Climate-strike marchers stage Chicago die-in
Illinois Youth Climate Strike is joined by veteran environmentalists in calling for a climate emergency
By Ted Cox
CHICAGO — Hundreds of Illinois Youth Climate Strike marchers joined hundreds of other environmentalists in a protest in downtown Chicago Monday demanding that government at all levels declare a climate emergency and act on global warming.
“This movement wouldn’t exist if the adults in power did their jobs to protect people they were elected to represent,” said Serena Worley, a sophomore at Deerfield High School and a member of the Illinois Branch of U.S. Youth Climate Strikes. “We are begging you, the people in power, the people who have the power, to act.”
Protesters held a news conference in Daley Plaza late Monday afternoon, while Illinois Youth Climate Strike protesters massed outside the Trump International Hotel and Tower across the Chicago River. Hundreds of teens stepped off on an early evening march back to Daley Plaza, where they held a die-in outside the building that houses both Chicago City Hall and the Cook County government.
Worley pointed to the heavy rains and flooding that afflicted farmers statewide this year as evidence the planet is warming from greenhouse gases and experiencing climate change.
“That is why we are fighting,” said Avery Martin, a Deerfield High junior. “To change the track the world is on, the direction we are heading toward, to declare a climate emergency.”
Protesters called on Chicago Mayor Lori Lightfoot to declare a climate emergency, and for Gov. J.B. Pritzker on the state level to work to pass the Clean Energy Jobs Act, the legislative focus of an earlier march last month that drew thousands of teenage students to Chicago’s Loop on a Friday school strike — inspired by global activist Greta Thunberg.
“We don’t want to be fighting against adult politicians and the government,” Martin said. “We want to be working with them.”
Instead, they found themselves working with other environmental groups to draw attention to the issue though Monday’s protests. Kyra Woods of the Sierra Club’s Illinois Chapter welcomed the teen climate strikers in joining “the warriors who have led this fight for years and decades before us, standing together to say this is what we fight for.”
“It is worth declaring a climate emergency because we will no longer stand for being political pawns. We are demanding action from our politicians.”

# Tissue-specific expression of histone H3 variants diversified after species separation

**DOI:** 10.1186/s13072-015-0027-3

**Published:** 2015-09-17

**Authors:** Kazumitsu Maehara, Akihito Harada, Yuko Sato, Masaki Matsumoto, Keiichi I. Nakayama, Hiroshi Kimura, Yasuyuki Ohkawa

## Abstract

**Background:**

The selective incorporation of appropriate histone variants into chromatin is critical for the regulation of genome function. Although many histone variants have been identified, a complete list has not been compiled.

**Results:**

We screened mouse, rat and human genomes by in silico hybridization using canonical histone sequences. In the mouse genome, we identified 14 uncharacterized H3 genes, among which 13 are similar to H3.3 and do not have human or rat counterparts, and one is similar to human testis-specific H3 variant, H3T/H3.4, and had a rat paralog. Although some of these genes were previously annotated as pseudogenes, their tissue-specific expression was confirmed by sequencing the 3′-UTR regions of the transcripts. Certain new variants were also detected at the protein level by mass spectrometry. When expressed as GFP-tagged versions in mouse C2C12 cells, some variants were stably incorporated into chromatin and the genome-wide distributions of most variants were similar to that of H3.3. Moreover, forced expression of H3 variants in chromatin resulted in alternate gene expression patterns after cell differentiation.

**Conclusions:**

Kyra Woods of the Sierra Club’s Illinois Chapter (One Illinois/Ted Cox)
Woods said, “The crisis we are in the midst of is not just about the planet. This is about the planet and people.
“It is worth declaring a climate emergency because we will no longer stand for being political pawns,” she added. “We are demanding action from our politicians.”
Woods called on government to “enact binding policies that will put our state on the path to a brighter future and protect the communities of our city and of our state and of our world.”
Woods made a specific appeal for Pritzker to lead the way in passing the Clean Energy Jobs Act later this month during the General Assembly’s fall veto session.
“We are not going to solar-power our way out of this,” she said. “We are not going to recycle our way out of this. We need you to have strong action, locally, at the state level, and federally.”
Lightfoot praised the protesters and their mission. “With the world facing a crisis in regards to climate change, it is inspiring to see people, especially youth, advocating for environmental issues today that will affect our collective future tomorrow,” said Press Secretary Anel Ruiz. “Mayor Lightfoot is committed to making sure that Chicago is a leader in this effort, which is why the administration continues to prioritize investments in renewable energy, improved air and water quality, and reductions in the city's carbon footprint. Mayor Lightfoot commends those who continue to show great leadership by taking on issues of environmental justice into their own hands because they care about the future of our planet.”
The protest was not as well-attended as last month’s march, when thousands of students showed up. One high-schooler joked that that was because this protest took place after school and didn’t call for students to skip classes. Nonetheless, hundreds marched through Chicago to stage a die-in outside the Cook County Building and Chicago City Hall to demand action on climate change on the part of local government. Meanwhile, other environmental activists, led by the group Extinction Rebellion, blocked the intersection of Clark and Randolph streets nearby.